Raspberry Pi Zero 2 W Board Officially Announced

A new flavor of Pi gets added to the menu.
Ash Ash (346)

The Pi Zero 2 W has new features to get excited about but it’s the similarities that deserve recognition, as well. Compatibility plays a huge role in the Pi Zero line and this new module is staying true to a few expectations including its form factor, which mirrors the original Pi Zero W, as well as the port configuration. What makes the new board stand out is its quad core processor which, according to the Raspberry Pi Foundation, comes with 40% higher single-thread performance and as much as five-times more performance power with multi-thread.

Spec Raspberry Pi Zero 2 W
Processor 1GHz BCM2835 Arm v7 Quad Core Arm Cortex A53
RAM 512MB LPDDR2 SDRAM
GPIO 40 Pin
WiFi 2.4 GHz 802.11b/g/n WiFi
Bluetooth Bluetooth 4.1, BLE
Ports Mini HDMI, 2x micro USB ports (power + data via USB 2.0), CSI-2 Camera Connector
Power Requirements 5V DC 2.5A

The Pi Zero 2 W uses a BCM2835 Arm v7 Quad Core Arm Cortex A53 processor which can reach speeds up to 1GHz. Despite the beefy CPU, it only has 512MB of LPDDR2 SDRAM which may seem a bit limiting. It has a 40-pin, GPIO header that arrives unsoldered like its predecessors.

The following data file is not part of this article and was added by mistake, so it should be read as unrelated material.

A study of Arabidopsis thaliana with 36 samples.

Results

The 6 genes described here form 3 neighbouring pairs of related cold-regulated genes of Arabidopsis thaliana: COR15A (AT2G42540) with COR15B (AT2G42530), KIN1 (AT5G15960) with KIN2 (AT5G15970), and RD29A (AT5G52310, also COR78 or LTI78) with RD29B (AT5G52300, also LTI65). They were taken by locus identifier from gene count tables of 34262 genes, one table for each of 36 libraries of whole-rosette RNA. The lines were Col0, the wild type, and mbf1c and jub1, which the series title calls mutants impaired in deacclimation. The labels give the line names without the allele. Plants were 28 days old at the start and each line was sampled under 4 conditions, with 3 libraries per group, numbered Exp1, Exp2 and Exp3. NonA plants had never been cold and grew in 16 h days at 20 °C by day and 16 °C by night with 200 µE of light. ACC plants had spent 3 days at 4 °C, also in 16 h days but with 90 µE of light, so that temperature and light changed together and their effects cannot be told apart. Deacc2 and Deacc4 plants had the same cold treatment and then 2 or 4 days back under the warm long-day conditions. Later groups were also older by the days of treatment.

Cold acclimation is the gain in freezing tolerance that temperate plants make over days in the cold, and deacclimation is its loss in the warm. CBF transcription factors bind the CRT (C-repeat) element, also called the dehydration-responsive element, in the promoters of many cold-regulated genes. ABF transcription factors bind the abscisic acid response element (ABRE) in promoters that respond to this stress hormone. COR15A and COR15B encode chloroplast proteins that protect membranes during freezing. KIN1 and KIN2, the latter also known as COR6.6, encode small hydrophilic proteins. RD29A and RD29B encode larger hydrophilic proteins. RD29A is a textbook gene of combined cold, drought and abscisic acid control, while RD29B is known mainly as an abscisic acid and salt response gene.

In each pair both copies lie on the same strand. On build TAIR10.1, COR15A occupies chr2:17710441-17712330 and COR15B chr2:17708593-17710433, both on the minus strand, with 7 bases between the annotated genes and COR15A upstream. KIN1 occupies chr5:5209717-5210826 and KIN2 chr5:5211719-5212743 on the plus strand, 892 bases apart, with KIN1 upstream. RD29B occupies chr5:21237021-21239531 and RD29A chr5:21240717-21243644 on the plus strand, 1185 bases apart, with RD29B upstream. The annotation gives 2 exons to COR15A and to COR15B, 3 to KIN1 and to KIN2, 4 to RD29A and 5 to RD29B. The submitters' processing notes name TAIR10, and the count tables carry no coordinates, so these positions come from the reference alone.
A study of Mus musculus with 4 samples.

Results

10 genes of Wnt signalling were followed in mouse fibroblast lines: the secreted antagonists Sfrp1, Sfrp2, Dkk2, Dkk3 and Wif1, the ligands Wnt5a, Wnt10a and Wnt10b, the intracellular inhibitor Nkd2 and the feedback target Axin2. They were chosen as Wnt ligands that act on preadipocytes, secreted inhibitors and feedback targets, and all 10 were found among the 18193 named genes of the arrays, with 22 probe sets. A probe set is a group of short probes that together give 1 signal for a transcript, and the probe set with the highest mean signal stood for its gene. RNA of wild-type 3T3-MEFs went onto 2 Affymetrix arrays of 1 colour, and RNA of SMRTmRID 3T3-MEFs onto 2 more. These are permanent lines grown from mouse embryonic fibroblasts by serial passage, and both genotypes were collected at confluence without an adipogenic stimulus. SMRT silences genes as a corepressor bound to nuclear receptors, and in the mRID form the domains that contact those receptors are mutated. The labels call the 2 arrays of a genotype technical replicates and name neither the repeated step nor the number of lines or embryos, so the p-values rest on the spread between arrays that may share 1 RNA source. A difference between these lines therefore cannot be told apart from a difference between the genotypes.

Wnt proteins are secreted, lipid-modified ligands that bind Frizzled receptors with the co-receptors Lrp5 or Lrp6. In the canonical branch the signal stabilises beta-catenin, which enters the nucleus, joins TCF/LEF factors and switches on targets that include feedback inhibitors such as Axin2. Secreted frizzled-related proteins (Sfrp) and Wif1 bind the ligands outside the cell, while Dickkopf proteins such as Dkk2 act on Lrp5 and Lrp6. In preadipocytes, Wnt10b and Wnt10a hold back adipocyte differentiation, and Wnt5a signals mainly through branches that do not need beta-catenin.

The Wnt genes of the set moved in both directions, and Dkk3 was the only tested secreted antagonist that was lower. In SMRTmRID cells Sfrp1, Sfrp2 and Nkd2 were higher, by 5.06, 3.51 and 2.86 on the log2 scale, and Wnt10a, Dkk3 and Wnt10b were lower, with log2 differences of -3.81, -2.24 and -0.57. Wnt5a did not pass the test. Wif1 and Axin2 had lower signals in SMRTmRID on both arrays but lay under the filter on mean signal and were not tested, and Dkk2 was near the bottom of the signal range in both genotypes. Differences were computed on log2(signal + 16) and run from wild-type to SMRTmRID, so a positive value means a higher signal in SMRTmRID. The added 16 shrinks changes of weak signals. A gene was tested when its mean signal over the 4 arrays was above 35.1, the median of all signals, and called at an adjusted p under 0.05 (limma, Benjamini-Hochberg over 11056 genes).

It offers both 2.4GHz WiFi 802.11b/g/n and Bluetooth 4.1 support but also has the usual selection of ports including one mini HDMI input and two micro USB ports (one used for power with the other reserved for data via USB 2.0). Users can also take advantage of a CSI-2 camera connector. Like previous models, the Raspberry Pi Zero 2 W accepts 5V for power.

Overall the new board offers plenty to consider itself an upgrade but it’s not a huge leap away from what we’re used to with the Pi Zero line. If you have an old Pi Zero case lying around, it will fit the new Pi Zero 2 W. If you have a Pi Zero project lying around, the Pi Zero 2 W will likely provide a noticeable performance boost—as long as you avoid overloading the 512MB of RAM.

To get a closer look at the new Raspberry Pi Zero 2 W, check out the full product brief provided by the Raspberry Pi Foundation and be sure to check back with us for our full review.

According to founder Eben Upton, supplies are limited and getting your hands on one may be difficult over the next nine months. At the moment, Pi Zero 2 W boards are available for preorder through websites like Canakit and PiShop.us with plans to ship by early November.